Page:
Northborough officials project $561 tax increase in FY23


NorthboroughNORTHBOROUGH – Northborough residents may be facing an average tax increase of $561 in the 2023 fiscal year, or 6.8 percent, according to a presentation to town boards and committees earlier this month.

“The reason for that, overwhelmingly, is the increase in the single-family home values,” Town Administrator John Coderre said Dec. 20.

Coderre presented a financial trend monitoring system report to the Board of Selectmen, School Committee, and appropriations and financial planning committees that projected that the average single-family home in Northborough would be valued at $546,657 in the 2023 fiscal year. That would be a 10 percent increase over current values. 

The town is further projecting values to increase by two percent each year to ultimately reach $591,719 in the 2027 fiscal year. 

Those values are based specifically on Northborough sales data. 

“We haven’t seen values pop up like this in a very, very long time,” Coderre said. 

He said the town is hoping to get more funds through state aid and local receipts revenue, which he said the town hopes will rebound with the pandemic in the rearview mirror. 

The single-family tax bill has increased by an average of $184 per year between 2011 and 2022. However, Coderre said, such figures will be unlikely moving forward.

“All the pressure because of what’s happening with state aid, the fact that we’re reaching build out — all of these things factor into additional pressure on the single-family home tax bill,” Coderre said.

Continued commercial and industrial development will help mitigate some of this impact on taxpayers, as will efforts to minimize budget increases, working to maintain services without significant staffing or service increases, Coderre said.

The town is anticipating a 3.39 percent increase in the budget for Northborough’s general government and education services.

That translates to spending about $41.9 million on education, including payments to Assabet Valley Vocational Technical High School, and $24.4 million on general government.

How Northborough got through the pandemic

As part of Coderre’s presentation, he reviewed the town’s financial health, saying Northborough is in “relatively good financial condition.” 

Coderre said Northborough moved through the COVID-19 pandemic with “flying colors.”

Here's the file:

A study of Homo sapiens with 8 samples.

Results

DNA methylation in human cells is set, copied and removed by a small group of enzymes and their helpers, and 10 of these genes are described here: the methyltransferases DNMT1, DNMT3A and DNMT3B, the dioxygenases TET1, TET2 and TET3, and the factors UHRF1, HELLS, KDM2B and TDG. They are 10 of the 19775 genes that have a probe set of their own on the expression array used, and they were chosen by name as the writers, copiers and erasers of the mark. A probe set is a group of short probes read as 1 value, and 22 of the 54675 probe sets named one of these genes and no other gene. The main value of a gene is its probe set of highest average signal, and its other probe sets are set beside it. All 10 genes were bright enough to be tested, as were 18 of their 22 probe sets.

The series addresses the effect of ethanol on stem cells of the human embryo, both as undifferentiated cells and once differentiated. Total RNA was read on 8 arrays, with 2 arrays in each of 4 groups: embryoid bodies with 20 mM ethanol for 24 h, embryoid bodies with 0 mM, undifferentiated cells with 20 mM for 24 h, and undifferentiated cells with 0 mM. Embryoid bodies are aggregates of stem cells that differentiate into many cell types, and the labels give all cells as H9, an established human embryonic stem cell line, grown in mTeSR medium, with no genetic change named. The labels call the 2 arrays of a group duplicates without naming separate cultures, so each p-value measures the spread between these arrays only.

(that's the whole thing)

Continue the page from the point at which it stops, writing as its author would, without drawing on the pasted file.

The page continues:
“We weren’t slashing and cutting services,” he said. “The schools were able to continue doing what they do. Public safety had the resources they needed. We had an appropriate, if not stellar response to the pandemic. We still continue to be a leader statewide in terms of vaccination rates and clinics and outreach and information.” 

Northborough’s planning and execution went perfectly, he said.

According to Coderre, Northborough cut increases in its operating budgets to one percent in the 2021 fiscal year, and it also constrained its increases in the 2022 fiscal year. The town used $378,000 in free cash in its 2021 operating budget. 

Coderre said the town did stop contributing to its savings account. Normally, Northborough places $200,000 every year into its Stabilization Fund. It did not do that in the 2021 and 2022 fiscal years. 

Additionally, during the pandemic, Northborough stopped contributing to its Other Post Employment Benefits Trust Fund (OPEB), which pays for other benefits that people who retire receive besides their pensions. 

In order to phase OPEB back into the operating budget, the town is proposing first phasing it into the 2023 budget using excess levy capacity. The town will continue to phase it in during the 2024 fiscal year.

Northborough also postponed over $800,000 in capital plans and projects in 2021. Because the town didn’t end the 2020 fiscal year with a lot of surplus funds, Northborough had less free cash to fund such pay-as-you-go projects.

“The result of that is we have a bubble of capital projects,” Coderre said. 

He added that some federal aid that is now available “is a perfect use” to deal with these capital projects. 

“The whole point of making these maneuvers and why we put ourselves in this position was so that we could deal with a budget surprise, a pandemic, a storm, a recession and buy ourselves a fiscal year to come up with more long-term strategies or to wait for federal and state assistance,” Coderre said. 

Board of Selectmen Chair Jason Perreault thanked staff members for their work at the end of the presentation. 

The methodologies served the town well through the pandemic, he said. 

“I’m just feeling very fortunate that we have this expertise at our disposal here to help our town get through this circumstance,” Perrault said. “Certainly, many other towns are facing much greater struggles and trying to make it through, and I think it has a lot to do with the people we have in place here who understand this and know…how to solve problems not just recognize problems, but how to find solutions to problems.”